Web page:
Hizb-ul-Mujahideen chief Syed Salahuddin has vowed to turn the guns on Pakistan if it stops backing jihadis in Jammu and Kashmir who, he claimed, were fighting "Pakistan's war".
"We are fighting Pakistan's war in Kashmir and if it withdraws its support, the war would be fought inside Pakistan," said Salahuddin, who also heads the Muttahida Jihad Council, a grouping of terrorist organisations based in Pakistan.
Salahuddin made the remarks during an interview with Arab News, while referring to the reduction of tensions in Jammu and Kashmir, following several rounds of talks between India and Pakistan.
He said he was "desperate and agitated" with the new approach adopted by Pakistan in the peace process with India.
The report said Pakistani political leadership's new approach for normalising relations with India had "stunned" Kashmiri leaders.
"Kashmir has been the key issue but now it has become peripheral as all claims of supporting our struggle politically, diplomatically and morally are nothing but lip service," Salahuddin claimed.
He said he believed that militancy alone is the solution to Kashmir's issues.
"All those who were involved in the so-called peace talks eventually admitted that India is not serious and that it gained more and more time to implement its own design for the region," he claimed.
Salahuddin said he believed the Pakistanis were silent because of the existing dichotomy on the Kashmir issue that has placed Islamabad in a dilemma on whether to support militancy or the peace process.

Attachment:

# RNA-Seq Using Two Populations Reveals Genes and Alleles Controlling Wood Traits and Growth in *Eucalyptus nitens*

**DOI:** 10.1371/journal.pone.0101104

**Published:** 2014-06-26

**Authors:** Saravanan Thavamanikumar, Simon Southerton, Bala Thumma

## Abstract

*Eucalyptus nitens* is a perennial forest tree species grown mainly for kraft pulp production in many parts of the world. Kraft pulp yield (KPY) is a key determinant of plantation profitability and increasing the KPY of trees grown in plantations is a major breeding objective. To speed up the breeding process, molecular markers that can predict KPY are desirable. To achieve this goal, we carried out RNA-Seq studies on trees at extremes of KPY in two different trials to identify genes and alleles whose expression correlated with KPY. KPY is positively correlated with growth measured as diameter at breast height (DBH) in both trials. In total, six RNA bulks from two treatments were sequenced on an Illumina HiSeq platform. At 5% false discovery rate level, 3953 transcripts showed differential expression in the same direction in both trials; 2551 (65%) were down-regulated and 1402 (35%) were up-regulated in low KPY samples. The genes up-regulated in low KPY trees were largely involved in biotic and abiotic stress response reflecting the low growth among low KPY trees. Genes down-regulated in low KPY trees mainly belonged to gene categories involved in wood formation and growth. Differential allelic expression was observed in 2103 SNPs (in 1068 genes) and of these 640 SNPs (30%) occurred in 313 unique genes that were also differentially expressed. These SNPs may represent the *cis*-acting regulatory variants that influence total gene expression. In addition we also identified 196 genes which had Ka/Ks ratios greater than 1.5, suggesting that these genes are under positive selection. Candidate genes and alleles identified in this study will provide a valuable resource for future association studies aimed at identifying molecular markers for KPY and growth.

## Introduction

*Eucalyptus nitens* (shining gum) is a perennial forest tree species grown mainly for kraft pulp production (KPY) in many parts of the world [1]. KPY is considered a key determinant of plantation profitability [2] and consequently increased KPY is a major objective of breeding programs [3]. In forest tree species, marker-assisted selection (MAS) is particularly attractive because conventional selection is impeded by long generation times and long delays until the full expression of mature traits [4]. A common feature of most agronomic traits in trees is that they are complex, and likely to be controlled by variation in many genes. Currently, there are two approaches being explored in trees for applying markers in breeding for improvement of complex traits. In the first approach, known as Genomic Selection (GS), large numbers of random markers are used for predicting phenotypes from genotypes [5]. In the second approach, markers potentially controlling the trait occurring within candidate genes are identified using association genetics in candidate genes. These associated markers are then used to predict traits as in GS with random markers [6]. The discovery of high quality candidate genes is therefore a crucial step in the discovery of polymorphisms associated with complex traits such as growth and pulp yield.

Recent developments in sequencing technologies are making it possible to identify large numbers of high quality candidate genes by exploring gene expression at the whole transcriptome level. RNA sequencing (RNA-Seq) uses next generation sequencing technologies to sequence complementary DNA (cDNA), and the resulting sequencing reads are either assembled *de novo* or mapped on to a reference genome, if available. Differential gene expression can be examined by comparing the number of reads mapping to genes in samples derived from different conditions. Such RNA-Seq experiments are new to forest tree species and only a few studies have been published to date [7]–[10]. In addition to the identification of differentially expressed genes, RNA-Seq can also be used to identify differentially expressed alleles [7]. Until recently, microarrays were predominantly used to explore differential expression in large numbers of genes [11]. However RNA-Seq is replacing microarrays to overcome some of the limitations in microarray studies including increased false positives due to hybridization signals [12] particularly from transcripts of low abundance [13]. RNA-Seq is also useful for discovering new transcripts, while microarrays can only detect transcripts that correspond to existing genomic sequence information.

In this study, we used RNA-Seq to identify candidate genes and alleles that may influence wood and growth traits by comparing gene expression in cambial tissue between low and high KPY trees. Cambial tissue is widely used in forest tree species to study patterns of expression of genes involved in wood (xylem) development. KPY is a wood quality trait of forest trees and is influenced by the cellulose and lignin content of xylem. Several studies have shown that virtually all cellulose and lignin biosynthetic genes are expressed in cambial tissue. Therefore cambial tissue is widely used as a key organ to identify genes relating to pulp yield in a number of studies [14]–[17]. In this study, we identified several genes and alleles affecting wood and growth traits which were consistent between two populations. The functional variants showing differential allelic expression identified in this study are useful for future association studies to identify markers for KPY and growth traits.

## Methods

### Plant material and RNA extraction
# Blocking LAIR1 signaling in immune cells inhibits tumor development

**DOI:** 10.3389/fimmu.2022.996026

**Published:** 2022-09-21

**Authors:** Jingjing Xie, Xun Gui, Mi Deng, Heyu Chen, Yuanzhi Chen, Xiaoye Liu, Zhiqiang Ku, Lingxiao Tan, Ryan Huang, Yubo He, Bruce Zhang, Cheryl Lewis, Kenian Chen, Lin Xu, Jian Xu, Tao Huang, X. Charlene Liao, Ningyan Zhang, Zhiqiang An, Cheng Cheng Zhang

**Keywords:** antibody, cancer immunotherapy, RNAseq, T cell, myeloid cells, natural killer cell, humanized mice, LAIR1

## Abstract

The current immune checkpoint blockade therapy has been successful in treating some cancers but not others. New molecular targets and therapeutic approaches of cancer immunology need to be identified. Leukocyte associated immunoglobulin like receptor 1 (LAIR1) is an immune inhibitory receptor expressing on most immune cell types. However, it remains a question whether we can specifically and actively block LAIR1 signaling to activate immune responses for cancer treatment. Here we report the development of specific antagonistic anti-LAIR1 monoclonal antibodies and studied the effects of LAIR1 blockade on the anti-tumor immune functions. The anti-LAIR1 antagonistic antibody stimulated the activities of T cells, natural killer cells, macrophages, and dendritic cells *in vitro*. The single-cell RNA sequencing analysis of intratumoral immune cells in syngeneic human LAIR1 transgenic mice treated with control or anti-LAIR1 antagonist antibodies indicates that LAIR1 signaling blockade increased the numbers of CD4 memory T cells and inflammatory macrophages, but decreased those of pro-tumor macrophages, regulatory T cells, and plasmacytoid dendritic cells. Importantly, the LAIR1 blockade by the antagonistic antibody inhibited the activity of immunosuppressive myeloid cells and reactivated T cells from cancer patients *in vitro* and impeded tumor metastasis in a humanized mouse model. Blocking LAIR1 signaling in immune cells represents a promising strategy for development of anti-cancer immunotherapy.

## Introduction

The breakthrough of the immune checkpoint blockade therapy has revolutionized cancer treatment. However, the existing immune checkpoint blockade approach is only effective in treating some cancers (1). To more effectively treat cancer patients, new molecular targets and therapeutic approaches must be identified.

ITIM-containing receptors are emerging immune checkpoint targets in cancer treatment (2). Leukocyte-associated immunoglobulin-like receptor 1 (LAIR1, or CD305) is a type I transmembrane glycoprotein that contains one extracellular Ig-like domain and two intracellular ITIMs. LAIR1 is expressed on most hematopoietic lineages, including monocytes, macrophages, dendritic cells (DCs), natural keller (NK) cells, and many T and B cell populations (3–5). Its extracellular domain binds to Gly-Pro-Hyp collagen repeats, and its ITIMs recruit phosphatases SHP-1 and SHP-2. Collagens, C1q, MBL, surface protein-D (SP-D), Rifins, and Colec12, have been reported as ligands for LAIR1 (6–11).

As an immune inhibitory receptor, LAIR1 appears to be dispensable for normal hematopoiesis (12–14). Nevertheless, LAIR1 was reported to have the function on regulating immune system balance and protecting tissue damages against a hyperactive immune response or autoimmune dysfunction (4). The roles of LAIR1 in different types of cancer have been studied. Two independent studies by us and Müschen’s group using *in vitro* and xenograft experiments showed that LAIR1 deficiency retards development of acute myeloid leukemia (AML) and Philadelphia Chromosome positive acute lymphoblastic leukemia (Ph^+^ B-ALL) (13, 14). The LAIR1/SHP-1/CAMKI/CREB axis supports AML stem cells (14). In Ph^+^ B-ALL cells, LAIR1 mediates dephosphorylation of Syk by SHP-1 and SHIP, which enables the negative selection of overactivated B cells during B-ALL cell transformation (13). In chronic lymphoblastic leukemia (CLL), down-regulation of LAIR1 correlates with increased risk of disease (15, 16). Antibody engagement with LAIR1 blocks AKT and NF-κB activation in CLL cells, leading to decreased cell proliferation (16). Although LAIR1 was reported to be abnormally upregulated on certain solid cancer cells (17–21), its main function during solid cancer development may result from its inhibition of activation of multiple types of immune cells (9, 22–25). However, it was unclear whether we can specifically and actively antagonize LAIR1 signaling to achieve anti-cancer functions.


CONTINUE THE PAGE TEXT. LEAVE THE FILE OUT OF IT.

He said he further believed the Pakistani people must play a vital role in mounting pressure for the Kashmir cause and in forcing the government to withdraw its new approach, which is "hurting the Kashmir struggle".
He contended that the movement could not be wrapped up on the negotiation table.
"Who negotiated for the Soviet withdrawal from Afghanistan? Were there any talks in Iraq and Afghanistan? The US is compelled by the situation to withdraw its forces in the absence of any negotiation and we would follow the same strategy in Kashmir," he said.
Salahuddin said he believed that normalising trade and business with India would benefit only New Delhi and be counterproductive for Islamabad.
"Pakistan is doing all this without keeping its own interest as prime due to foreign and Western pressures, without analysing its disastrous consequences," he claimed.